Keeping the Dreams Alive: Supporting Children in Northeast Nigeria

When someone goes missing due to conflict, the children they leave behind can feel that loss more than most. In response, we ran a program for children in Maiduguri to make sure their needs would not be overlooked.


When family members go missing due to armed conflict, they leave behind relatives who live in a shadow of uncertainty.  Their loved ones have gone missing, leaving a void that seems impossible to fill.

For more than a decade of armed conflict in northeast Nigeria, many people have fled their homes searching for safety. Bama, for instance, a town in Borno State, midway on the road between Maiduguri and the Cameroonian border, was no different. Fifteen-year-old Hadiza Muhammad’s family was one of those affected. Her father went missing 10 years ago. They haven’t seen him since.

Hadiza tells us "I learnt about my day, how I will write and plan my day. I wish to enroll into secondary school because I want to study law and become a barrister to help people and my family," she says. "We used to think a lot about our missing parents and not socialize but now we mix well, gradually."

Hadiza Muhammad, Accompaniment Program Enrollee

The ICRC’s mental health and psychosocial support teams in Nigeria run a program designed to guide and support the children of those who have disappeared, through counselling. One of the counsellors, Muhammad Adam Muhammad, has also lost a loved one due to the conflict, and was trained by the ICRC to run these sessions himself. Muhammad knows what it feels like to lose a loved one.

Throughout the program, every week Muhammad gathered 51 young hearts, each burdened by the heavy weight of their family's unknown fate and counselled them.

Muhammad Adam, Accompaniment Program, Maiduguri, northeast Nigeria.

“As counsellors we teach children that it is important not to stay idle, good to go to school,” Muhammad tells us. “I counsel them once every week... I will rate their progress at ninety per cent, which is very encouraging”. 

A special book adapted by the ICRC from a version designed by the Swedish Red Cross – The Book About Me – was used, containing activities that encouraged reflection, self-esteem and future aspirations.

Each of the seven community counsellors running the sessions received training and continuous mentoring by the ICRC’s Mental Health and Psycho-Social Support team. The sessions became a lifeline, a sanctuary where participants could share their pain, fears, and dreams.

In one session, counsellors witnessed the transformative power of education from a young participant, Fatima Muhammad Aji, who, against all odds, had never set foot in a classroom but was inspired by her elder sister, from whom she learned to read and speak English.

Fatima Muhammad Aji, Accompaniment Program enrollee

While reading from a letter she'd written during the session, Fatima says, "I want to be a medical doctor to help sick people from danger... We learnt a lot from the lessons we received. I wrote my name, my town, who loves me and who helps me, time for work and play," she tells us.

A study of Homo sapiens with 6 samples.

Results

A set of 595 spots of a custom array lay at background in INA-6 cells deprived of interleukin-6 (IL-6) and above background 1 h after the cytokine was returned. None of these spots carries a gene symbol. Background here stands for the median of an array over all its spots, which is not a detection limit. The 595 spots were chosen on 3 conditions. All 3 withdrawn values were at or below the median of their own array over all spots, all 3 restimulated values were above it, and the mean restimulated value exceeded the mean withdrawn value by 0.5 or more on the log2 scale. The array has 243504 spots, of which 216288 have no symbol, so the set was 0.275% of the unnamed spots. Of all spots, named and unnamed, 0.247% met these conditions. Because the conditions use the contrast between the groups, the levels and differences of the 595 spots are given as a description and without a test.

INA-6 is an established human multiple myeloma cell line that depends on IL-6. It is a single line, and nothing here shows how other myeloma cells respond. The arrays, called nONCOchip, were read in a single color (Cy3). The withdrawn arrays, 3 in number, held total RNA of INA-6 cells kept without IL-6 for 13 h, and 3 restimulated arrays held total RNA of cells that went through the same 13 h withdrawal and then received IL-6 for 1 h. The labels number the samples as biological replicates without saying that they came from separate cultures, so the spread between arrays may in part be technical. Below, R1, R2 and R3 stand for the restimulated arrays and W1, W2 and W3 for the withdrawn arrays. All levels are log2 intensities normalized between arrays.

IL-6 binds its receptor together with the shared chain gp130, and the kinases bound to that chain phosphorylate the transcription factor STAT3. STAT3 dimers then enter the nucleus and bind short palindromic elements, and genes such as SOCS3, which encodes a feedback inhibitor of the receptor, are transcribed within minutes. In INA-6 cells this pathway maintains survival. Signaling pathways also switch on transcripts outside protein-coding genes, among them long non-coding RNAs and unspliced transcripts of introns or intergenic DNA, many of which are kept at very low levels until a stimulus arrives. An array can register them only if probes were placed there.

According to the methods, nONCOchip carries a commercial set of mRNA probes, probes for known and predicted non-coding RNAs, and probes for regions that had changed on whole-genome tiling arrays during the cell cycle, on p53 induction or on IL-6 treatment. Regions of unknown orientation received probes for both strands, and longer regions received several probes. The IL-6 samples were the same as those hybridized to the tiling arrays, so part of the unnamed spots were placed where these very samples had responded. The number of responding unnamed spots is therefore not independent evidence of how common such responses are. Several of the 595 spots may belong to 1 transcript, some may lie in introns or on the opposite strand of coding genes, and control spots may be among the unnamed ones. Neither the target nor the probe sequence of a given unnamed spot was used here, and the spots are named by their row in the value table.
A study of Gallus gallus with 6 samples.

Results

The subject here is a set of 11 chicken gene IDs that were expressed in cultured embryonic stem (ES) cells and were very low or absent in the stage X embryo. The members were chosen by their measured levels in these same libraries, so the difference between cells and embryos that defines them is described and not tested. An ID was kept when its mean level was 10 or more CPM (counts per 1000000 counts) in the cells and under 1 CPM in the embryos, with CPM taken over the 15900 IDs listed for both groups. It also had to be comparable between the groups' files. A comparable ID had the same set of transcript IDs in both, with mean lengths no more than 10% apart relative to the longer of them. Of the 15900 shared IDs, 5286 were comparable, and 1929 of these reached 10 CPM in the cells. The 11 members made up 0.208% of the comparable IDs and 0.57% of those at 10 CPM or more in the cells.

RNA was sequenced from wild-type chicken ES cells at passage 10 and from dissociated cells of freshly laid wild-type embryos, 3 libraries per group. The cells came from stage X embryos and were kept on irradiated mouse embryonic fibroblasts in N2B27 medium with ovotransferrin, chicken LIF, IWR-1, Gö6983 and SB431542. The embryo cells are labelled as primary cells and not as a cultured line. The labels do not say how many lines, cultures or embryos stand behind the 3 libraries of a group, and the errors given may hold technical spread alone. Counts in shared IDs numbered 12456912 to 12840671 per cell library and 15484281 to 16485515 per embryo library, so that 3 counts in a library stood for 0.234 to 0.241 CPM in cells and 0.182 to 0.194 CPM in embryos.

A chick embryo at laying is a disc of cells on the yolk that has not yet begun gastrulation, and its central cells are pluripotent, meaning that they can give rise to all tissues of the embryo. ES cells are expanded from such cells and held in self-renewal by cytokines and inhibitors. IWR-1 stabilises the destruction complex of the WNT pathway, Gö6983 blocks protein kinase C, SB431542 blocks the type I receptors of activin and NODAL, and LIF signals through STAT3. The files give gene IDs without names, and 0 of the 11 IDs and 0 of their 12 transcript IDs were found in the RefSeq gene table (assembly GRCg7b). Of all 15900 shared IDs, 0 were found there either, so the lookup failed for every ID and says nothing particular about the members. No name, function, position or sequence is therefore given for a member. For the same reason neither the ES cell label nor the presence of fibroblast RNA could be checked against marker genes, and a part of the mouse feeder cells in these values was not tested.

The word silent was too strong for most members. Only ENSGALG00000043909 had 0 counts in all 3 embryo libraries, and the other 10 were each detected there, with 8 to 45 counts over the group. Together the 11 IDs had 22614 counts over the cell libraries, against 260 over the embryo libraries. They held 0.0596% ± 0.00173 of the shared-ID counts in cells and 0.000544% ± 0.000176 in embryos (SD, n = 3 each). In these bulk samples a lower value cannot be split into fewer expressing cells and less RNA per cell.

Her dreams for the future shone brightly, prompting her counsellor Muhammad to encourage her parents to enroll her in school, an essential step towards realizing her aspirations.

Khadija Muhammad, Accompaniment Program enrollee

Another participant, Khadija Muhammad says "I remember learning about the 'tree of life'. We drew pictures of those who help us in our lives, who for me includes my elder brother, grandfather, and aunts. "We also wrote letters to our future self – that school is good and we should study well. I want to build a house and a hospital when I grow up to help others and my family and become a doctor."

Abubakar Muhammad, Accompaniment Program enrollee

Some participants were already in school, and already looking forward towards next steps in their education. 14-year-old Abubakar Muhammad has done his exams and is awaiting admission into secondary school.
Through the session activities, they were encouraged to talk with remaining family members to learn more about their own lives. During the sessions, he says, "I learnt where I came from and the current town we live in. I drew my mother because she is the only one I know that cares for me after my father went missing. I hope one day he returns. I want to become a doctor to help people, buy a car and with schooling I know I will achieve it."

Many of these young souls have experienced trauma first-hand, grappling with the loss of a parent or guardian. Their struggles manifest in stress, anxiety, disruption to their normal lives, school attendance and playtime. Sometimes witnessing other children revel in the warmth of parental love would only intensify the pain they felt. But through the sessions, invisible wounds began to heal – and laughter seemed to echo in their hearts again.

Every week Muhammad gathers 51 young hearts, each burdened by the heavy weight of their family's unknown fate, and counsels them.

The program in Maiduguri became not only a sanctuary for families of the missing but also a beacon of hope, lighting the path toward a brighter future for each child that participated.

By the end of the last round of community counselling sessions, in December 2023, more than 330 children had taken part.

The ICRC continues this work, in Maiduguri as around the world – partnering with communities as they go.

We do this work because children are our future. And their needs, especially in times of conflict, cannot be overlooked.